In just about 16 weeks, I will travel from New York City to Washington, D.C., with my wife and two daughters. We’ll go to museums, check out the monuments, and drink really delicious beer at Bluejacket Brewing.
And if all goes according to plan, I will run 26.2 miles at the Rock ‘n’ Roll DC Marathon. In less than four hours.
After running somewhat seriously off and on for the past five or so years — with a bunch of 5Ks, some 10Ks, and a handful of half-marathons under my belt — it seems like as good a time as any to take on a full marathon. It’s something I’ve always known I’d do at least once, but I’ve been hesitant to make the commitment because, well, it’s a really big commitment, and it’s really easy to find reasons not to. But as with so many other major events in life, at some point you realize there’s no such thing as the perfect time.
So with that said, let’s discuss what the present time looks like for me right now. I’m 38 years old, married with two children — daughters, like I said, ages two and six. I work full-time, as does my wife. My morning routine entails driving my wife to the train station, dropping my oldest daughter off at school, then dropping my youngest daughter off with my mother-in-law, who helps us out while my wife and I are at work. From there I walk to another train station, endure a 30-minute ride, then jump on the subway for a couple stops, ultimately arriving at my desk at around 9:30. The whole process takes close to two hours, which doesn’t even account for the time spent getting everyone out the door in the first place. In the evening, we repeat roughly the same charade in reverse, usually getting home somewhere around 7:30. There’s dinner to be made, homework to be done, baths to be given, and a bedtime routine that takes anywhere from one to a million hours.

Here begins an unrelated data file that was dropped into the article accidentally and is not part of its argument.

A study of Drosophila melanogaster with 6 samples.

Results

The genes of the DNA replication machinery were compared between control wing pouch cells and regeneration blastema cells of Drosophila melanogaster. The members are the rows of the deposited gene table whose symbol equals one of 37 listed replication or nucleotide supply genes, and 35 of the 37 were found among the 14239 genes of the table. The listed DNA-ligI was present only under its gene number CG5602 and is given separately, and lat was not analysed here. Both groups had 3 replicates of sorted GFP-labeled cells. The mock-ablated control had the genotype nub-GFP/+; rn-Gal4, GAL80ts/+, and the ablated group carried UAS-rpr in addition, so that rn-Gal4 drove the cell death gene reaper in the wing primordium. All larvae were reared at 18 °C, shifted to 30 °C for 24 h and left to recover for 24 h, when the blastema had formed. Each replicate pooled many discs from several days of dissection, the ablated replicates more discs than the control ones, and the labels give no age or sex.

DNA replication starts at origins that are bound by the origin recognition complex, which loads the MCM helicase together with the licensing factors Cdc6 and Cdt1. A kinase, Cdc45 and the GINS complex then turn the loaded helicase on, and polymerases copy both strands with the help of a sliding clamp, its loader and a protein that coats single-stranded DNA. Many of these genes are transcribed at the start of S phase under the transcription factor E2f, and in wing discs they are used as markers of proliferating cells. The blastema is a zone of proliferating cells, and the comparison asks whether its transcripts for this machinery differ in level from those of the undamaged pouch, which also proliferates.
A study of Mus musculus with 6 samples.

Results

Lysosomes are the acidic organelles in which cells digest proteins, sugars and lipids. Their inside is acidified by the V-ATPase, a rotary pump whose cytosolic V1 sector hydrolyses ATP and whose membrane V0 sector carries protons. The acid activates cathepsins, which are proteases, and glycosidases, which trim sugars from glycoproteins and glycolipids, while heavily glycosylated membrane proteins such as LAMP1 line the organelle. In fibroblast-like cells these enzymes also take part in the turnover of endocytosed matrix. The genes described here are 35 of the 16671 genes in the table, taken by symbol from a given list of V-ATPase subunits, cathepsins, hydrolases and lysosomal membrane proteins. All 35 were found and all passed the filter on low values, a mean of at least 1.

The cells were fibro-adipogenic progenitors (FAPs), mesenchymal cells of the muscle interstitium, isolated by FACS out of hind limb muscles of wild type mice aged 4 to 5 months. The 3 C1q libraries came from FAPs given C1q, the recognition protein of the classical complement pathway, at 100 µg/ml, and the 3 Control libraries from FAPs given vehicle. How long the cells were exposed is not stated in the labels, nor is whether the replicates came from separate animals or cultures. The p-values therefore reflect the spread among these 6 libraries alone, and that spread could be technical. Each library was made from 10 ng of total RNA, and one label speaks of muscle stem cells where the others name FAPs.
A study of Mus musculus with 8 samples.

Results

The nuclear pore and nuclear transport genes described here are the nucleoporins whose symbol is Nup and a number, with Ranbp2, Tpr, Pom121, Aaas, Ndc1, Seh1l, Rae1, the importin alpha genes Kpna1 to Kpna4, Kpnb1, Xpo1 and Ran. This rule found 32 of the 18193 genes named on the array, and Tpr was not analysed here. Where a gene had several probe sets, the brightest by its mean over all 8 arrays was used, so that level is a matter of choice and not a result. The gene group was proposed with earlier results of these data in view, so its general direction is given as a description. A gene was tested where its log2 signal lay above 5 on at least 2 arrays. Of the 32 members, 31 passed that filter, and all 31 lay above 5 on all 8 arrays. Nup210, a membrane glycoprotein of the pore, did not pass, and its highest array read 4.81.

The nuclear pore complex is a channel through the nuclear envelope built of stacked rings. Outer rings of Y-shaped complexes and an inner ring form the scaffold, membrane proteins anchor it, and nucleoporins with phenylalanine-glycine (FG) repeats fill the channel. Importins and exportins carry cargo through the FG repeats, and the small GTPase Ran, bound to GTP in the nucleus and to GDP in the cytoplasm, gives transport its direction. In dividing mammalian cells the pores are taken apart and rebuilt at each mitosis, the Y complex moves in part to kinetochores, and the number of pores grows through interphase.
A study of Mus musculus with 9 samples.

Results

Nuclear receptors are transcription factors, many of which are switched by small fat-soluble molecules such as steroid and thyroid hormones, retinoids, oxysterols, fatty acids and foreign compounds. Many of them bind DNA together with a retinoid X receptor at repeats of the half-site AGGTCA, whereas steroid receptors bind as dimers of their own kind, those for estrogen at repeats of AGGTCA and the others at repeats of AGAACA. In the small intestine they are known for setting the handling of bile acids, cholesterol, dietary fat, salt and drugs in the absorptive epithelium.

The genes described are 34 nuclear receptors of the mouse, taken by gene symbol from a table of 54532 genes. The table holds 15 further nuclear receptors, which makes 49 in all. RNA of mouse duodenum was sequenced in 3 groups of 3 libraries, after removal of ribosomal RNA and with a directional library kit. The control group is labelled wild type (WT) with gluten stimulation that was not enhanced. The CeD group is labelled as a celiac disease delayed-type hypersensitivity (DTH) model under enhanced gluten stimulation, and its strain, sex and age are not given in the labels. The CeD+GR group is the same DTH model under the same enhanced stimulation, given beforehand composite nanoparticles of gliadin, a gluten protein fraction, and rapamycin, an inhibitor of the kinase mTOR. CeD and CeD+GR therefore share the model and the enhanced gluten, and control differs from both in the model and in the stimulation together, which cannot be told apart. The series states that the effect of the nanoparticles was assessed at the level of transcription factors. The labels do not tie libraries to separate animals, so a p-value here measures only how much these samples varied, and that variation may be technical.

So finding time for the 20, 25, 35 miles per week that marathon training demands is a challenge, to say the least. But I’m also fully aware that my situation is far from unique, and in fact I’d bet it’s pretty typical, which is the main reason I’ve decided to document this whole process here on this website — to answer one big question: What will it take for a married father of two with a relatively demanding job, a small amount of talent for the sport, and as strong a penchant for obsessively completing things as for quitting them entirely, to fulfill his potential and achieve a longtime goal that, while not terribly lofty for more skilled runners, is still something of an indicator, however arbitrary, that you’re a serious runner?
Over the next 16 weeks, I'll be updating every Monday to discuss the previous week's training — highs, lows, and everything in between. With race day falling on March 11, 2017. I'll be training through winter in the Northeast (there's a reason so many major marathons take place in the fall), so there will be weather-related challenges, holiday-related challenges, and of course the challenges everyday life will throw at me — like, how will I manage to make sense of the fact that my job requires me to write about and drink lots of beer, even while simultaneously having to wake up at the crack of dawn to get in however many godforsaken miles are on the schedule for that day? (This last factor, I realize, is not likely to win me much of your sympathy.)
Along the way, I'll be working with a running coach named John Honerkamp, whose list of accomplishments in the sport is longer than I have time or am inclined to list here. Three relevant facts about him, though: He went to the Olympic trials for the 800-meter in 1996; he started the New York City chapter of the November Project, and he just paced Nev Schulman, host of MTV's Catfish, to a 3:21 at this year's NYC Marathon (Honerkamp is a 2:44 marathoner himself). He also has no idea how many times I'm going to email him over the next three and a half months.
So yeah, if you're in the same boat, or if you've been considering signing up for a marathon yourself, or even if aren't at all interested in running but think you might enjoy watching a grown man write about his suffering, check back every week. You can also follow me on Twitter, where I suspect I will complain quite a bit.
Also, spoiler alert: I had my first official training run yesterday, and it was so windy my hat fell off twice. This is going to be great. Really great. See you next week!
For more info about the United Airlines Rock ‘n’ Roll Washington DC Marathon, follow them on Twitter or Facebook, and to join in the conversation, use the hashtag #RNRDC. And if you want to sign up to join me on March 11, use the code RUNNINGDC to get $15 off your race fee.